Ongoing moves to cut methane gas emissions from domestic livestock, like cows and pigs, fails to take into account the sheer volume of feral animals now populating countries like Australia, one MP has said.
Keith Pitt, the Nationals Party member for Hinkler, said current measures or proposals to curb flatulence or belching from livestock needed to consider the science.
"There is 10 times the number of feral pigs in Australia than domestic," he told The Epoch Times.
"This is an underhanded attack on our resources sector and agriculture. If it was about science, well, the flatulence for feral animals should be included, but it's not," he said.
Australia contains some of the world's largest feral animal populations—partly due to the lack of large land predators—which do not come under government moves to curb methane emissions.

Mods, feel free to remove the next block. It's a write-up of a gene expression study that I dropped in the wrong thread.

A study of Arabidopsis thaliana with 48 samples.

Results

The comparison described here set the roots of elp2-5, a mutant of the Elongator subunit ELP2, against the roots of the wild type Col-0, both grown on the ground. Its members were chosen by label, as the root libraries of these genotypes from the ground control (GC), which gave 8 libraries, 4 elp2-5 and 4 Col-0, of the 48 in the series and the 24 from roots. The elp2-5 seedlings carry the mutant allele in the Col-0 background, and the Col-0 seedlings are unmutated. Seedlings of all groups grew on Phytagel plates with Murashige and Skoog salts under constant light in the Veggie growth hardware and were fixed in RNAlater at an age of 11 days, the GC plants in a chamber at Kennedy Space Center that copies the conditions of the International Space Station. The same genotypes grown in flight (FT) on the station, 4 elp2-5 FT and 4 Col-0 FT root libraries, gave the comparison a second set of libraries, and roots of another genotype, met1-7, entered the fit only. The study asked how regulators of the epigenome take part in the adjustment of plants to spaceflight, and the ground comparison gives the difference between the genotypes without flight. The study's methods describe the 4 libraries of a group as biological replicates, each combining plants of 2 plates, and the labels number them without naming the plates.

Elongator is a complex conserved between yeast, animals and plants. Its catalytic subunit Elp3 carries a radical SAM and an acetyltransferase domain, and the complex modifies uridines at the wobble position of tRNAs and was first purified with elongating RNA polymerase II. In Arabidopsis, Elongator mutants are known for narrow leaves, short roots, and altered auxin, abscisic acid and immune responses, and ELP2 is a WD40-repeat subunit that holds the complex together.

Livestock the Focus of Methane Emission CutsScientists blame the livestock industry as the number one agricultural source of emissions.
Methane is considered worse for the environment than carbon dioxide.
"No other country in the world has yet developed a system for pricing and reducing agricultural emissions, so our farmers are set to benefit from being first movers," said Prime Minister Jacinda Ardern.
The move follows in the wake of the U.S. Biden administration that reiterated its November 2021 pledge to cut methane emissions by 30 percent as part of the Global Methane Pledge.
A Further Warning on Net ZeroPitt also warned the Australian government's push for net-zero would weaken manufacturing in the country.
"It'll have an enormous impact on the price of electricity, and it will put it up and make our network less reliable and unstable," he said.
Pitt also said there was a real risk of blackouts if there was a serious push to reduce emissions by 43 percent by 2030.
"I think the risk exists right now, and I think it will get worse coming in the summer, particularly if there are early closures of reliable baseload power stations," he added. "And it's not just our domestic risk. Right now, we need Australia to be as strong as possible given what's happening around the world."